A New Artificial Lung Can Breathe Regular Air Rather Than Purified Oxygen
Researchers in Cleveland have built an artificial lung that is so efficient it can breathe regular air rather than the … Continued
Researchers in Cleveland have built an artificial lung that is so efficient it can breathe regular air rather than the pure oxygen required by current artificial lungs. The technology makes possible the idea of a man-made lung that is far more portable–and possibly implantable–for the nearly 200 million people suffering from some degree of lung disease.
Current artificial lungs are inefficient and cumbersome, requiring large tanks of oxygen–their oxygen exchange efficiency is so poor that they can only breathe the pure stuff–that render them more or less stationary. The reliance on pure oxygen also limits their lifespans, as they need a fresh supply every few days.
The new lung, built by Case Western Reserve University researchers, is modeled on the natural human lung and contains a bunch of breathable silicone rubber analogs of blood vessels that branch out like real blood vessels down to the point that they reach a diameter smaller than one quarter that of a human hair. This bio-mimicking miniaturization offers a much better surface-area-to-volume ratio, lending the device its higher oxygen exchange efficiency.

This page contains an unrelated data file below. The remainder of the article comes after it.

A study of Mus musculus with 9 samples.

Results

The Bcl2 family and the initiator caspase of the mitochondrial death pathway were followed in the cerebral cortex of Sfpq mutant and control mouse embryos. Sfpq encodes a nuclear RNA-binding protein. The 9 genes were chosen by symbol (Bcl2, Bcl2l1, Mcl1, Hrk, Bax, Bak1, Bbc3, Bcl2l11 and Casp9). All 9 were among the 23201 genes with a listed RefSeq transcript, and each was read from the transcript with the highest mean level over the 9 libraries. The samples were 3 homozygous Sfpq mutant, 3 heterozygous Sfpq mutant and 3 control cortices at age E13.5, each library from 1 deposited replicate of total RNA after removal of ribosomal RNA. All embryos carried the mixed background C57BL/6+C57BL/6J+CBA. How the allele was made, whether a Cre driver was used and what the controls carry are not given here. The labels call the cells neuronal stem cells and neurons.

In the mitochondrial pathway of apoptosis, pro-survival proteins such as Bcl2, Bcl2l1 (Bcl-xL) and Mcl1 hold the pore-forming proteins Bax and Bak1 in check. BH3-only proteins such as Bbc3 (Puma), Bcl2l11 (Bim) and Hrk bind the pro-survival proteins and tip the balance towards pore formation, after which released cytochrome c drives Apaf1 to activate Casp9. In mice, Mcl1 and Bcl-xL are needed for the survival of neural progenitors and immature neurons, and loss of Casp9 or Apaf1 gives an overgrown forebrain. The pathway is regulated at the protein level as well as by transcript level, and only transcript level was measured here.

As such, the researchers believe they can pack enough efficiency to match that of the human lung in a package that is also roughly the size of a real lung–meaning that at some point in the future their lung could be implanted in patients. In such a scenario, the device could be driven by the heart, requiring no independent power source to power the lung.
Tests using pig blood have shown that the artificial lung is three to five times more efficient than the current state of the art, and though the initial goal was to improve efficiency and portability of artificial lungs–that is, to get rid of those external oxygen tanks–the team thinks they could have an implantable model in clinical trials within a decade. That is, of course, if we’re not already growing made-to-order replacement lungs in the lab by then.